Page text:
Brisket & Blue Cheese Hoagie

Smokey, beef brisket piled on a hoagie bun and topped with spicy, blue cheese mayonnaise. This sandwich satisfies a hungry crowd!
Smoked Beef Brisket on a Traditional Gas Grill
7-10 pound beef brisket (may use smaller cuts if desired)
3-5 tablespoon coarse prepared mustard
1-2 tablespoons rub per pound meat, or to taste*
3-4 handfuls hickory wood chips used for smoking
Aluminum foil
Oven thermometer

Recipe works best with a grill that has 2-3 independent burners.

As needed, trim excess fat on brisket (should have 1/4-inch thick layer); using a sharp knife, score the fat-cap remaining on brisket. Rub a thin layer of mustard over entire brisket (helps seasoning to adhere to the meat). Sprinkle entire brisket and rub in the seasoning. Wrap meat with plastic wrap and refrigerate 12-48 hours. Remove meat from refrigerator 1-2 hours prior to cooking.

Soak wood chips at least 30-60 minutes. Place handful drained chips in a smoker box, a disposable aluminum pan or place them on a square of foil and fold into a pouch. If using disposable pan, cover with foil. Poke several holes in top of foil or in foil pouch to allow smoke to escape. **

Preheat gas grill using all burners. Clean and prepare grates. Turn heat off on middle burner (or, off one end of the grill depending on grill model); reduce heat to low and maintain inside grill temperature between 225-250 degrees. Use an oven thermometer to gauge internal grill temperature and compare to the outside mounted grill thermometer as a reference). Use protective gloves and hot pads, remove grate; place prepared chips to one end of grill, over lit burners. Close lid and allow chips to begin smoking.

Remove plastic wrap and place meat over unlit burner(s) and away from smoking chips. Place pan of water inside grill for moisture. Close lid and cook approximately 1 to 1 1/2 hours per pound of meat (***see below). Occasionally check internal grill temperature and adjust grill burners as needed, but keep grill lid closed as much as possible. If grill temperature remains too high, slightly prop open grill lid. Shred or slice smoked meat and served with Blue Cheese Tabasco Mayo.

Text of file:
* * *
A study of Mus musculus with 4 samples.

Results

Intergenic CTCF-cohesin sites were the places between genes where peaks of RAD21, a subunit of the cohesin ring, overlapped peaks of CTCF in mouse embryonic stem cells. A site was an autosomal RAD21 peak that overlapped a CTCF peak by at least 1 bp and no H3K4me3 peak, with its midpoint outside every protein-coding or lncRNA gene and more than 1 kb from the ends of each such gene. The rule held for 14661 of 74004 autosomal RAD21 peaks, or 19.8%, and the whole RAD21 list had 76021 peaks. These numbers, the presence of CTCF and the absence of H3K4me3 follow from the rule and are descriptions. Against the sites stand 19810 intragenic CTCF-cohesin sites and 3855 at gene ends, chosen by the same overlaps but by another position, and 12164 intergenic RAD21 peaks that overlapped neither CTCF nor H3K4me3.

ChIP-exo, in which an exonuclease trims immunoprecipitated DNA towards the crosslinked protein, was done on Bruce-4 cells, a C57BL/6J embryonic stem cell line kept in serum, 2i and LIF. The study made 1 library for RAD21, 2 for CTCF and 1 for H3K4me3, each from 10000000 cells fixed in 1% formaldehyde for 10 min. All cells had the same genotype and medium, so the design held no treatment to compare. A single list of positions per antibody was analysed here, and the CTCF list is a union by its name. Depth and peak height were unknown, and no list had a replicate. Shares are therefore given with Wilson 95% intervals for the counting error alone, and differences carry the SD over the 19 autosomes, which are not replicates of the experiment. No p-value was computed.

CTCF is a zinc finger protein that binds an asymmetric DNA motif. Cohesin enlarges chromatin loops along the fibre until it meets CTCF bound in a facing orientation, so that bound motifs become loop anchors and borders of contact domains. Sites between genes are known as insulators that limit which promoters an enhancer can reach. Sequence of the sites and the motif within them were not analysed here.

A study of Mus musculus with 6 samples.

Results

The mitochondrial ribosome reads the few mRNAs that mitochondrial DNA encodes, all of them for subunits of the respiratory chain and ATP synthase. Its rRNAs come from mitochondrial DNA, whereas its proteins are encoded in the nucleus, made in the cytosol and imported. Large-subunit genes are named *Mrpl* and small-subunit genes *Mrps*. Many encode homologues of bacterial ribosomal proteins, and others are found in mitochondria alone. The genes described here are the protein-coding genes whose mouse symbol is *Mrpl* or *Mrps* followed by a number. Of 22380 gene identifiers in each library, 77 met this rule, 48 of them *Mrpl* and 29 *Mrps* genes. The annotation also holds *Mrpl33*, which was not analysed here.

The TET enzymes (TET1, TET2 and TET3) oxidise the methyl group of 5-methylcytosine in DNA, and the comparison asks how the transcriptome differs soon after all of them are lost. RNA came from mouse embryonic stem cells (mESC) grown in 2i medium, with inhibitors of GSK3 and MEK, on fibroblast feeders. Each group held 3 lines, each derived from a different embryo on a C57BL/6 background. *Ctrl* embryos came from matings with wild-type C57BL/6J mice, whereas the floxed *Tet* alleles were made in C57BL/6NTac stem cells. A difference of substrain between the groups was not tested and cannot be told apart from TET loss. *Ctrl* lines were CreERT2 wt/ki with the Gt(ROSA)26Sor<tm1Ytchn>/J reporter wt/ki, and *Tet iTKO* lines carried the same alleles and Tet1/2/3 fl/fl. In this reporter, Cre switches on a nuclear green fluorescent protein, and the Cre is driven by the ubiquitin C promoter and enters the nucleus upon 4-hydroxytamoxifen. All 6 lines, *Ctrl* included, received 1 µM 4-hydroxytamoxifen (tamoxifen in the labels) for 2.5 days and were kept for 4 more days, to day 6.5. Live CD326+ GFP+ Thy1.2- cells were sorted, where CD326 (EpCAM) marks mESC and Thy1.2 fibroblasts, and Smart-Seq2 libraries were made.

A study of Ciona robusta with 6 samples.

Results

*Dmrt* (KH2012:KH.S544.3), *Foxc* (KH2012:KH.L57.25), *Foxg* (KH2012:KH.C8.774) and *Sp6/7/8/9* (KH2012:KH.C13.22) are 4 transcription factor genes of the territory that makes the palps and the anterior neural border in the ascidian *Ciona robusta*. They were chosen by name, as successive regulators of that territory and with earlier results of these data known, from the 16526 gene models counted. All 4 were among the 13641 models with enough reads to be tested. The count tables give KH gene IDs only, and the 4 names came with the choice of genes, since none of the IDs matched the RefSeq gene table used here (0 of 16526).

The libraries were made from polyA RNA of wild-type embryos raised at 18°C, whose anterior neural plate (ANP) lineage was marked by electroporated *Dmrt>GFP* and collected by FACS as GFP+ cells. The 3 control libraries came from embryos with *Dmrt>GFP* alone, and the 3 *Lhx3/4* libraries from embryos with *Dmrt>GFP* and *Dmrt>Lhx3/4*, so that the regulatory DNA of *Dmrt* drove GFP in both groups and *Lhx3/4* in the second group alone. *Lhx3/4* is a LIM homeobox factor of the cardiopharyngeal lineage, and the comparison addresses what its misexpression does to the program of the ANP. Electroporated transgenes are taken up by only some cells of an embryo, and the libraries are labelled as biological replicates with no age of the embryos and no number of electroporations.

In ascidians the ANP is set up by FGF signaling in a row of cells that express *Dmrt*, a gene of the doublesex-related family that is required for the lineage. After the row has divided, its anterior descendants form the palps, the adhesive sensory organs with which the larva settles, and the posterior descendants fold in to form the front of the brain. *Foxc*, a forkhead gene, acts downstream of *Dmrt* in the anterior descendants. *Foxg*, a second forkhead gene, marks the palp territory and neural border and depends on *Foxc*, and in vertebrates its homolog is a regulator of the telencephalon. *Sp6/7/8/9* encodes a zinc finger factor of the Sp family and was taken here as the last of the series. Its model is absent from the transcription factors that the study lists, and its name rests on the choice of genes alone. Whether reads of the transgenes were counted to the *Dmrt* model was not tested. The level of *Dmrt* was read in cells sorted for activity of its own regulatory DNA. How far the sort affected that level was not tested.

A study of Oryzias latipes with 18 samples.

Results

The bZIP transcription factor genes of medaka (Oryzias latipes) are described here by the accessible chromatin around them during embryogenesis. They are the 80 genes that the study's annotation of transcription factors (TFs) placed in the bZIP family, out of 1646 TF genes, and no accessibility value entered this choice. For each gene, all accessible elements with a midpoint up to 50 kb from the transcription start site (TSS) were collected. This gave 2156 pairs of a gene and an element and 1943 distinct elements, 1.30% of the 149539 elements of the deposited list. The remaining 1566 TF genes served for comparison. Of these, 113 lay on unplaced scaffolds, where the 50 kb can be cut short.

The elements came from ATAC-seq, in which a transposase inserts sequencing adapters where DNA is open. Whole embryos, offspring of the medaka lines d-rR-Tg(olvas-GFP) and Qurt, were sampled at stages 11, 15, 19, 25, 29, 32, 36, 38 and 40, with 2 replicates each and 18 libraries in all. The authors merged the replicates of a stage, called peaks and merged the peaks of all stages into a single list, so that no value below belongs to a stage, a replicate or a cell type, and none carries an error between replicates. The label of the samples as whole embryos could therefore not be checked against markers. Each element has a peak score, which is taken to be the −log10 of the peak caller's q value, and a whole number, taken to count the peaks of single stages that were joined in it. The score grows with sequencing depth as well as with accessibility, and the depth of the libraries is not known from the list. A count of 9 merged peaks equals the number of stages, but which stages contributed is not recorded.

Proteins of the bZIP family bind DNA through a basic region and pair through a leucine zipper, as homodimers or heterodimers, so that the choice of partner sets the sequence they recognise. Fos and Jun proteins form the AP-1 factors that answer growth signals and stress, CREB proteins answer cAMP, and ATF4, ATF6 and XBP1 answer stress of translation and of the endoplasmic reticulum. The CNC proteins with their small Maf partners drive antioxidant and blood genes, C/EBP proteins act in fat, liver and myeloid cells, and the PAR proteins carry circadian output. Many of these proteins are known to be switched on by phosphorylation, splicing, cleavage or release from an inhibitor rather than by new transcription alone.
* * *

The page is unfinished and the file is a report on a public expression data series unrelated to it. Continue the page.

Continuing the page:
* Rub seasoning may be made from scratch or purchase your favorite grilling rub from the spice section of the grocery store. Try McCormick Grill Mates ‘Steak Rub,’ ‘Montreal Steak,’ ‘Cowboy Rub’ or a combination of commercial and homemade. Blend and experiment. For an easy homemade rub, try 1 tablespoon each: fresh ground pepper, mustard seed, paprika, garlic salt, brown sugar and 1-teaspoon chili powder; mix well.

** Wood chips burn down and need to be replaced when smoking meat over a long period of time. Here are two suggestions to replenish smoking chips. First: Prepare a second pan of chips and add approximately 1 cup water to the pan. Place the pan on the grill burners at the beginning of the smoking process. As the first packet/pan of chips smokes the water evaporates from the second pan of chips and will begin to burn after the first has gone out. Second: This method works only if the grill is large enough to place the meat entirely on one grill grate and remove the second grate over the lit burners. Prepare additional packets of chips. As chips burn out, use long handled tongs to remove the spent packet and place with a fresh one.

***The smoke flavors the meat only during the first few hours of cooking. If you like, after 3-4 hours, remove the brisket from the grill, wrap in foil and bake at 250 degrees for 4-6 more hours or until pull-a-part fork tender (internal temperature of the meat will be between 180-200 degrees). Another method is to place the smoked brisket in a crockpot (meat should touch sides of crock, do not add liquid; as needed, cut the smoked brisket into smaller pieces to fit in the crock) and cook on low 5-7 hours.

4 ounces crumbled blue cheese
1-2 teaspoons Worcestshire sauce
4 green onions, thinly sliced
2/3 cup sour cream
1/3 cup spicy mayonnaise (Tabasco brand)

Stir together all ingredients; refrigerate to blend flavors (if you can wait).

Excellent spread on a hoagie, layered with thin slices smoked beef brisket, topped with tomato and arugula.